YOUNTVILLE — Competition on Thursday for Napa County's top vineyard pruner was billed as an historic event because for the first time it included a division for female competitors.

But the real stunner came after all of the scores were tallied and the day's overall best in the field of 69 belonged to — a woman.

For years, organizers of the pruning competition, now in its 13th year, debated whether to include women, in part they said because women expressed reluctance to compete against men. The creation of a women-only division was seen as a compromise.

But with her skillful and swift use of pruning shears, Celia Perez, a 47-year-old Napa mother of two, on Thursday cut away any lingering doubts, and in the process, likely cleared a path for others following in her work boots.

The full import of Perez's achievement came well after Thursday's event at Beringer's Gamble Ranch near Yountville was over and organizers had more time to compare final results.

When Perez, who has worked at V. Sattui Winery in St. Helena for 19 years, took the podium to accept a silver belt buckle, $700 and an assortment of new tools, she was announced simply as the top finisher in the women's division.

Not that that was an inconsequential honor. Asked afterward whether women are equal to men in the fields, Perez admired the belt buckle and said, "Yes, and here's the proof."

Jennifer Putnam, executive director and CEO of Napa Valley Grapegrowers, which sponsored Thursday's event, hailed Perez's performance as "groundbreaking."

Thursday's competition may have marked the first time in California that women were afforded the opportunity to participate in a vineyard pruning competition. Putnam said organizers researched the issue and could not find another example. Next Friday's pruning contest in Forestville for Sonoma County vineyard workers hews to the standard all-male field.

Thirteen women, most who've worked in vineyards for at least a decade, participated in Thursday's competition, alongside 56 men.

For Maria Fuentes, 60, the event offered the first opportunity since she started working in the vineyards in the 1970s to test her skills against the best. The grandmother of four moved quickly down a row of merlot vines, shearing excess growth as a judge with a stopwatch timed her speed.

Fuentes didn't make it to the final round. She didn't seem to mind.

"It doesn't matter if I win," she said in Spanish. "It's important to participate."

Victoria Avina, 28, expressed a similar sentiment, saying, "This is the first time women are being recognized for the work they do in the valley."

All of the women polled Thursday admitted to being nervous, as much due to the competition as to the inordinate amount of attention the event drew. With news photographers clicking away, the women each took turns pruning six vines in the initial round of competition, as judges hovered nearby.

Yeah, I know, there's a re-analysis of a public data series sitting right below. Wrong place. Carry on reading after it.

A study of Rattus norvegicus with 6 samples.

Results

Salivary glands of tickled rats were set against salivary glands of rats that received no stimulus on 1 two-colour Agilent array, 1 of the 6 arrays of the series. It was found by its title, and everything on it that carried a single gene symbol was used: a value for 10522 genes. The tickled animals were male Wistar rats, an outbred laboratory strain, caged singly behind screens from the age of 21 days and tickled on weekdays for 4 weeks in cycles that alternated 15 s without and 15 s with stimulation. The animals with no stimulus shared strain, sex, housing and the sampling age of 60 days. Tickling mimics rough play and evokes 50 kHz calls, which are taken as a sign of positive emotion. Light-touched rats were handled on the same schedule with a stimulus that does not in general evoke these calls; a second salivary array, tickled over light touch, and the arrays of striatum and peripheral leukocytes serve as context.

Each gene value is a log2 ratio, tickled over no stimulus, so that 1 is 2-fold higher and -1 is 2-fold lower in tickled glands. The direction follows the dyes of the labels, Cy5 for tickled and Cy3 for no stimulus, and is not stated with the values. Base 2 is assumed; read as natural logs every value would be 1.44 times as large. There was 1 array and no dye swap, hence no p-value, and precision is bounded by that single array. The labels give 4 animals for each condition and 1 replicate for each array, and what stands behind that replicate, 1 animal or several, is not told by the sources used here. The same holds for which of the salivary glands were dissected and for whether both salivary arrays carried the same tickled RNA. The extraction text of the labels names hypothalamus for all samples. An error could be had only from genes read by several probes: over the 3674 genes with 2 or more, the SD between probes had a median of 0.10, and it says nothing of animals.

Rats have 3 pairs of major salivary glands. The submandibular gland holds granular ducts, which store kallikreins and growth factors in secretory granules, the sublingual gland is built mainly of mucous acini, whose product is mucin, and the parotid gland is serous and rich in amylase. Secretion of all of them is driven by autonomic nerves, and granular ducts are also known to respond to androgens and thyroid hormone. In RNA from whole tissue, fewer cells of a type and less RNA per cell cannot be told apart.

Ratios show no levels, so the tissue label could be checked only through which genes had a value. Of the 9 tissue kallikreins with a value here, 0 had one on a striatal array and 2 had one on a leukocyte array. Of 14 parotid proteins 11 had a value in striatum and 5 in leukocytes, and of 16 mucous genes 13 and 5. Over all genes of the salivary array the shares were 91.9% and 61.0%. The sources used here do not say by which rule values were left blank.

Pruning is critical to ensure healthy growth and fruit production, said Remi Cohen, a competition judge and director of viticulture and winemaking at Cliff Lede Winery.

Workers generally spend 8 to 10 hours daily in the fields during pruning season, which typically lasts from January through April. Cohen called pruning "meditative," but also challenging work, as the repetitive use of the shears can be tiring. Pruners also must pull sheared wood away from the vine so that it can be cultivated back into the soil.

Competitors Thursday were judged more on technique than speed. Points were deducted for mistakes such as split or jagged cuts, making cuts too close or too far from the bud, failing to remove sucker vines and not clearing away debris.

The six female and eight male finalists went to a prune-off. Omar Perez, who works at Joseph Phelps Winery, was the top men's finisher.

It's difficult to say whether Thursday's competition reflected an increase in the number of women working in vineyards. Anecdotally, vineyard managers say they have more women working on their crews than ever.

Mary Maher, herself a trailblazer as vineyard manager for Harlan Estate, said her crew of 50 includes eight women, all of whom, she said, are eager and willing to do jobs traditionally viewed as men's work.

"We want to give equal opportunity to everyone. I haven't had a women back away from it," said Maher, who oversaw Thursday's competition.

Maria Dobres, who took third place in the contest, is a vineyard supervisor at Harlan, managing a crew of seven women and eight men.

Dobres said it's "heavy work, hard work," but that she's never felt inferior to men.

"It's fine," she said. "I get good support."

Paul Asmuth, Dobres' former boss at The Napa Valley Reserve, a members-only winery in St. Helena, came up with the idea of a women's division for the pruning competition, according to Putnam.

Asmuth said female vineyard workers had told him over the years that they didn't want to participate in the event because they didn't want to compete against men.

"I respect that," Asmuth said.

But given Perez's astounding performance Thursday, there may be pressure next year to open the field, not just in Napa County, but everywhere vineyards grow.

(You can reach Staff Writer Derek Moore at 521-5336 or derek.moore@pressdemocrat.com. On Twitter @deadlinederek.)